A greenprint for the next administration?

(Photo/a4gpa, Flickr)

(Photo/a4gpa, Flickr)

The path to rebuilding the nation’s economy, including Colorado’s job market, is going green in a big way, according to the Natural Resources Defense Council (NRDC).

A “Green Recovery” proposal from NRDC Sept. 9 details how a $100 billion program could use tax credits, loans and public-private partnerships to jump-start environmentally friendly businesses that would create 2 million jobs — including 32,000 in Colorado — in the next two years.

The nonprofit environmental organization proposes that the government set aside $50 billion in tax credits to entice private business and homeowners to retrofit their buildings to be more environmentally friendly and to invest in renewable-energy systems, such as solar panels. An additional $4 billion in federally backed loans would also be offered to encourage property owners to make these energy-saving changes.

The proposal was written by the Political Economy Research Institute for the Center for American Progress, a progressive think tank, and released by NRDC, a progressive environmental advocacy group.
NRDC’s plan forecasts job creation numbers based on current government estimates of industry specific employment in relation to the dollars invested into that industry.

Under the plan, the government would spend the remaining $46 billion to update public buildings with energy-saving features, expand mass transit and freight rail, and invest in renewable energy alternatives such as wind, solar and biofuels.

Blue-collar workers, primarily in construction and manufacturing, would be hired to make these green changes, according to the plan.

“This new report shows that investing in clean energy is a win-win solution. Shifting to clean energy will put more people to work, provide consumers relief at the pump, help reduce global warming pollution and revitalize our economy at a time when many Americans are hurting,” Frances Beinecke, president of NRDC, said in a statement.

The more than 32,000 jobs in Colorado would lower the state’s unemployment rate from 5.3 percent in June of this year to 4.1 percent, according to the organizations’ estimates.

The NRDC strategy divvies up the $100 billion using individual state populations and gross domestic products and would allocate $1.7 billion for Colorado to invest in green economy endeavors.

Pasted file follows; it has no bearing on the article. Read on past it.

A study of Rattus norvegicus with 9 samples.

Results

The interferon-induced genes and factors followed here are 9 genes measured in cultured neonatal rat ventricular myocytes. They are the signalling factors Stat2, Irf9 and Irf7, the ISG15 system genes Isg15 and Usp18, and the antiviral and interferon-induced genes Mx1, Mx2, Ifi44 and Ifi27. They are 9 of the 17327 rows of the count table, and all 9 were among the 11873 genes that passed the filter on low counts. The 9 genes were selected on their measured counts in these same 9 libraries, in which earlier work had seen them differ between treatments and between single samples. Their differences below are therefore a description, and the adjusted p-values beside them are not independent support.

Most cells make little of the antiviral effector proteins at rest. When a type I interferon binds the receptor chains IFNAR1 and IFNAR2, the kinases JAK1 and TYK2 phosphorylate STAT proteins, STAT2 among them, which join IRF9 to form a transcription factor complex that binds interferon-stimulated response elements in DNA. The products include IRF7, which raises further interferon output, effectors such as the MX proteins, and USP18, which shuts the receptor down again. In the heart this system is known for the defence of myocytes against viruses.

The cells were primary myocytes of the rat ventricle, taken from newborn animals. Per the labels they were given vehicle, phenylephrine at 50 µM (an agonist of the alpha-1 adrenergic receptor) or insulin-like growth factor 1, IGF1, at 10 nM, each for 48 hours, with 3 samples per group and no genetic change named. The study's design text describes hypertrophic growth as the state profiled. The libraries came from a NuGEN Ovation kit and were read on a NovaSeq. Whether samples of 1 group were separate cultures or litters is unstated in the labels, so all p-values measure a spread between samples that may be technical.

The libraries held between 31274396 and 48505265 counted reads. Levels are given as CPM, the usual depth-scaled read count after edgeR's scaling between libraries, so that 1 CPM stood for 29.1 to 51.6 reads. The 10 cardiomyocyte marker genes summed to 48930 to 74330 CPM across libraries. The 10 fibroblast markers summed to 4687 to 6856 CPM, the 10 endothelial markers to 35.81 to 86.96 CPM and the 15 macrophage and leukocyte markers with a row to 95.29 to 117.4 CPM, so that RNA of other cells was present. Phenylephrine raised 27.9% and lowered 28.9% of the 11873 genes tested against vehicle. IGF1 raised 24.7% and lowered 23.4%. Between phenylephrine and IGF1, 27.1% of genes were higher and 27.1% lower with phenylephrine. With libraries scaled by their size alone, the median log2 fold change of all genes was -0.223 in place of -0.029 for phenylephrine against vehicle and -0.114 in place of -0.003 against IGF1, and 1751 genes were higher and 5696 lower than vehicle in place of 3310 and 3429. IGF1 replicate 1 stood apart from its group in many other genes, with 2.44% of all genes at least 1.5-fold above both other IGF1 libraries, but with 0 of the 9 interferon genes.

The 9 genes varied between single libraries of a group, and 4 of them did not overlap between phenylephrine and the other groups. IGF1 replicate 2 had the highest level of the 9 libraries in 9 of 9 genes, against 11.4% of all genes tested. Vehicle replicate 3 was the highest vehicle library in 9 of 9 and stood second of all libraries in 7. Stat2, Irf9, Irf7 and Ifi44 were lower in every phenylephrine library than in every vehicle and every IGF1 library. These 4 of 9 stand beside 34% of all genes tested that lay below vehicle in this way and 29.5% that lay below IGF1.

Under the plan Colorado would be able to invest $667 million to make buildings more energy efficient, $333 million to expand public transit and freight rail, and $167 million in the development of a “smart,” or more energy efficient, electrical grid. Half a billion dollars would also be invested in the development of wind, solar and biofuel power in Colorado.

The NRDC proposal points out that the $100 billion proposal’s cost is the same as this spring’s economic stimulus package, which appeared to give the economy a short-term boost.

The $100 billion price tag could eventually be covered by the auctions of carbon credits under a cap-and-trade program that would offer incentives for clean energy use while raising revenue, according to the proposal.

Any future implementation of NRDC’s “Green Recovery” plan, or proposals with similar goals, is uncertain. Both presidential candidates have expressed support for reducing the country’s carbon emissions and creating green jobs.

Sen. John McCain has supported the creation of green jobs, as well as the implementation of a cap-and-trade carbon emissions program, which would reward companies that developed cleaner energy sources on their own.

Sen. Barack Obama has proposed a plan similar to NRDC’s suggested course of action, which would spend $150 billion to create 5 million green-collar jobs nationwide over the next decade.

Obama’s energy plan also includes a cap-and-trade program aimed at reducing greenhouse emissions by 80 percent by 2050.

Although McCain has offered less precise details of his plans to address climate change and create green jobs, he has said his administration would work to reduce the country’s carbon emissions to a level 60 percent below that emitted in 1990 by 2050.

This fall, the NRDC proposal’s authors plan to publish another study examining longer-term challenges and benefits created by building a greener economy, according to the Political Economy Research Institute.